This blog was written by Johannah Palmer, Edgecumbe’s Office Manager, Data Protection Officer, Information Security Administrator and Service Manager for the Doctor 360 team.

After five years of working with GDPR, we appreciate how difficult it is to navigate this legislation, particularly for those using psychometrics for recruitment, employment and development purposes. We also recognise that the penalties for failure to comply with UK GDPR are serious and that this creates anxieties for those responsible for collecting and using this kind of data. We are therefore planning a series of blogs on the topic, which we hope will help HR professionals to navigate their responsibilities safely and effectively. In our first blog, we set out the issues to bear in mind whenever you are thinking about using psychometrics – we will explore each of these in greater depth in future blogs.

Understand what counts as special category data

The UK GDPR requires that all identifiable personal data is handled in a manner which properly protects the rights and freedoms of data subjects. It recognises that some kinds of personal data are more sensitive than others and creates additional safeguards around the use of more sensitive types of data, called special category data. Special category data includes information about an individual’s race or ethnicity, political opinions, religious beliefs, trade union membership, genetics, biometrics, health, and sex life/sexual orientation. Under the current Data Protection Directive, legislators, judges and data protection authorities have determined that data pertaining to the health status of a data subject is much broader than the term ‘medical’ and includes information about a person’s intellectual and emotional capacity. For this reason, psychometric data is regarded as health data and is subject to the additional safeguards which apply to all special category data.

Identify the legal basis for processing special category data

The UK GDPR states that processing special category data is prohibited and may only be processed where there is a permitted exception to do so. This can make it tricky for HR professionals using psychometrics for recruitment, employment and development, as it is not a straightforward matter to identify a suitable permitted exception from those available which are:

  • explicit consent;
  • employment, social security and social protection;
  • vital interests;
  • not-for-profit bodies;
  • manifestly made public;
  • legal claims or judicial acts;
  • substantial public interest;
  • health or social care;
  • public health; and
  • archiving, research and statistics.

Ensure data security

Special category data is highly sensitive, and as such, must be kept secure. This means ensuring that access is restricted to only those who need it for legitimate purposes and that, where possible, it is stored in such a way that it is impossible to identify the data subject in the event of a breach of security, and that the data is deleted once it is no longer needed. It may not be enough to have put appropriate policies and procedures in place – you may also need to be able to demonstrate that you have tested your processes to identify and mitigate risks in your security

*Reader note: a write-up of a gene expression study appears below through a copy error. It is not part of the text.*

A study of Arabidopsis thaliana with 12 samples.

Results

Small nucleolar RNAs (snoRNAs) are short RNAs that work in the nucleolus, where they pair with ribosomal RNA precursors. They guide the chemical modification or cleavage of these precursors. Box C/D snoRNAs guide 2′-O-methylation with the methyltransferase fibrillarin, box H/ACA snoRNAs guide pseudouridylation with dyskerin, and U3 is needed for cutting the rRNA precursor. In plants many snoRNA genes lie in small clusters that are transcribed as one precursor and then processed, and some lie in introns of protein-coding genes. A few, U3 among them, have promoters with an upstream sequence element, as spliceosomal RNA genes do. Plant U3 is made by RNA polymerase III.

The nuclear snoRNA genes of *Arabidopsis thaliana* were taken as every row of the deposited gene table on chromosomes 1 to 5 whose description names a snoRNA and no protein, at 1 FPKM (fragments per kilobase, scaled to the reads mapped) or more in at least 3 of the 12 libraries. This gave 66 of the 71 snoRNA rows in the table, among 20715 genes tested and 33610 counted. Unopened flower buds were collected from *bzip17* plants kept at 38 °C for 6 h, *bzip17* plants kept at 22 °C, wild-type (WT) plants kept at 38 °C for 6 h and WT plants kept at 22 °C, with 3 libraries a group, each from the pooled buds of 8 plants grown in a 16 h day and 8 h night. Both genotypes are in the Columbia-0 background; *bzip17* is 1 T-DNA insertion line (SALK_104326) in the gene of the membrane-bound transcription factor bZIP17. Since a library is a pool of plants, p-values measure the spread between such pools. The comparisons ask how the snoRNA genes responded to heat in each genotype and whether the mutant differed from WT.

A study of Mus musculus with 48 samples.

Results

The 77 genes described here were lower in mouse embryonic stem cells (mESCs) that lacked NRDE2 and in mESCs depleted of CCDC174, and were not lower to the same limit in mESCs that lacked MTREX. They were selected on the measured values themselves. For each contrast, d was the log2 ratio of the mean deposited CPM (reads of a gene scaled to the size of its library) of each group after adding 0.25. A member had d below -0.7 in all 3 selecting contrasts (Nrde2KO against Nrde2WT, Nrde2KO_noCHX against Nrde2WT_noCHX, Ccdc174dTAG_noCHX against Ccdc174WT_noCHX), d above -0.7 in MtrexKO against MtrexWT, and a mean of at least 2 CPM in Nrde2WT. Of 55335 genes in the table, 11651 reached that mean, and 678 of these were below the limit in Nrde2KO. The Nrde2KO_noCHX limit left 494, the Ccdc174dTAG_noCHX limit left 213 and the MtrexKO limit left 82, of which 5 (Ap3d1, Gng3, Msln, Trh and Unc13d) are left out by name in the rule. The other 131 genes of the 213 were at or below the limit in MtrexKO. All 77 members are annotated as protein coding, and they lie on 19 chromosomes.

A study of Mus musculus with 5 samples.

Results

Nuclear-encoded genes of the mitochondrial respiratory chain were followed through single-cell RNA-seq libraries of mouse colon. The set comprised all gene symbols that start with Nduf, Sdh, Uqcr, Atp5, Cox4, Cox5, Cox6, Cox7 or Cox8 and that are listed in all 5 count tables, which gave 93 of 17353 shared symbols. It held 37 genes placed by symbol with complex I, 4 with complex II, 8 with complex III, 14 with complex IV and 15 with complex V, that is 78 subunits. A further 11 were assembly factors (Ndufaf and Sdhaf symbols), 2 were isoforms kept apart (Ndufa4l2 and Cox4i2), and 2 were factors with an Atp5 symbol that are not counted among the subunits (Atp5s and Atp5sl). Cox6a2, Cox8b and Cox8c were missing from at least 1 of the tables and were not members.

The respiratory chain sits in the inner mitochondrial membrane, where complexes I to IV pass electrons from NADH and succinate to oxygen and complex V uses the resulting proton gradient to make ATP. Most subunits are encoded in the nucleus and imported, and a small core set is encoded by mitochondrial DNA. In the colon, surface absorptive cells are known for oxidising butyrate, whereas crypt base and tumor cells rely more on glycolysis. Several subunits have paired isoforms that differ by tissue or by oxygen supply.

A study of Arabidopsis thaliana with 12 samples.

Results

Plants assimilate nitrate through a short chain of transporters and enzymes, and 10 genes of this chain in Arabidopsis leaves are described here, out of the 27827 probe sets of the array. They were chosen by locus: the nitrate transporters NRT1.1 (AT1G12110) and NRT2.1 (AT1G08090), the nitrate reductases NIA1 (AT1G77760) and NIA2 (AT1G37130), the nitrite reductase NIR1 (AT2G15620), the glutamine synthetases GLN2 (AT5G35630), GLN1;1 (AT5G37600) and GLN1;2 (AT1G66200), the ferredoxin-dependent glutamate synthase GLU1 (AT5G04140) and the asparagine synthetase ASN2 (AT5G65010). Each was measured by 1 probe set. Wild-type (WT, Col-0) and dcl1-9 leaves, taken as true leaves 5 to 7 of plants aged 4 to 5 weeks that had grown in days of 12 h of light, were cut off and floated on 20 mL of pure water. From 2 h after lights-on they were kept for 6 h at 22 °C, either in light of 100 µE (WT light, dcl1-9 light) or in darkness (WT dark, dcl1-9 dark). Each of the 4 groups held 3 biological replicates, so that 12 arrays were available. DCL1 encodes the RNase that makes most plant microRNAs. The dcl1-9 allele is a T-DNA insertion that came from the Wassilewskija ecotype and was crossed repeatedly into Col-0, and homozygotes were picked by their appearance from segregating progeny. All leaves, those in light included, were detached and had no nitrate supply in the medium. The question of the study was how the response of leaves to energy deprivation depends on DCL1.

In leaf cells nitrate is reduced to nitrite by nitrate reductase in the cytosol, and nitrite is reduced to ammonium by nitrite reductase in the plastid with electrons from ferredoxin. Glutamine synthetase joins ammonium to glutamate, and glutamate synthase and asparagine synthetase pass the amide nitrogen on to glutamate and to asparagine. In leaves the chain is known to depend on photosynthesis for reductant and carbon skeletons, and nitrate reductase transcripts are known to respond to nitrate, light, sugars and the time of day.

Be transparent

Data subjects have a right under UK GDPR to know what data you hold about them, how you are processing it, and for what purposes. You must provide individuals with access to their data and explain to them how they can exercise their data protection rights. You therefore need to be transparent about how you are processing personal data and may need to provide extra information about special category data.

Consider the impact on individuals and your responsibilities as Data Controller

The core purpose of UK GDPR is to protect the rights and freedoms of data subjects. The primary responsibility for adhering to its requirements falls to the Data Controller (the organisation which determines the purpose and means of processing). Psychometric testing can potentially have significant consequences for job candidates and employees. HR professionals must, therefore, consider the potential impact of testing and ensure that they are not discriminating against any protected groups.

By handling each of these topics effectively, HR professionals can continue to use psychometric data to support recruitment, employment and development activities in a way that is compliant with UK GDPR and protects the rights of job candidates and employees.

Over our next few blogs, we will explore each of these topics in more detail and provide guidance on how to handle psychometric data safely and effectively:

  • Psychometrics as special category health data: the consequences for HR professionals.
  • Establishing the legal basis for processing psychometric data – why explicit consent is usually not a suitable lawful basis when processing psychometrics.
  • Edgecumbe’s approach to data security – practical considerations for HR professionals and questions to ask your suppliers.
  • Data Controllers, Joint Data Controllers and Data Processors – using the guidance from EDPB on essential and non-essential means of processing to determine your responsibilities and those of your data processor.
  • Profiling and automated decision making – what are the rules and what are the risks.
  • Data security deeper dive – pseudonymisation, protection in transit, deletion challenges and more.

Importantly, and to ensure that your data protection processes are correct and legally compliant, we strongly advise that your candidate and employee privacy notices, along with your data protection policies, are kept under regular review.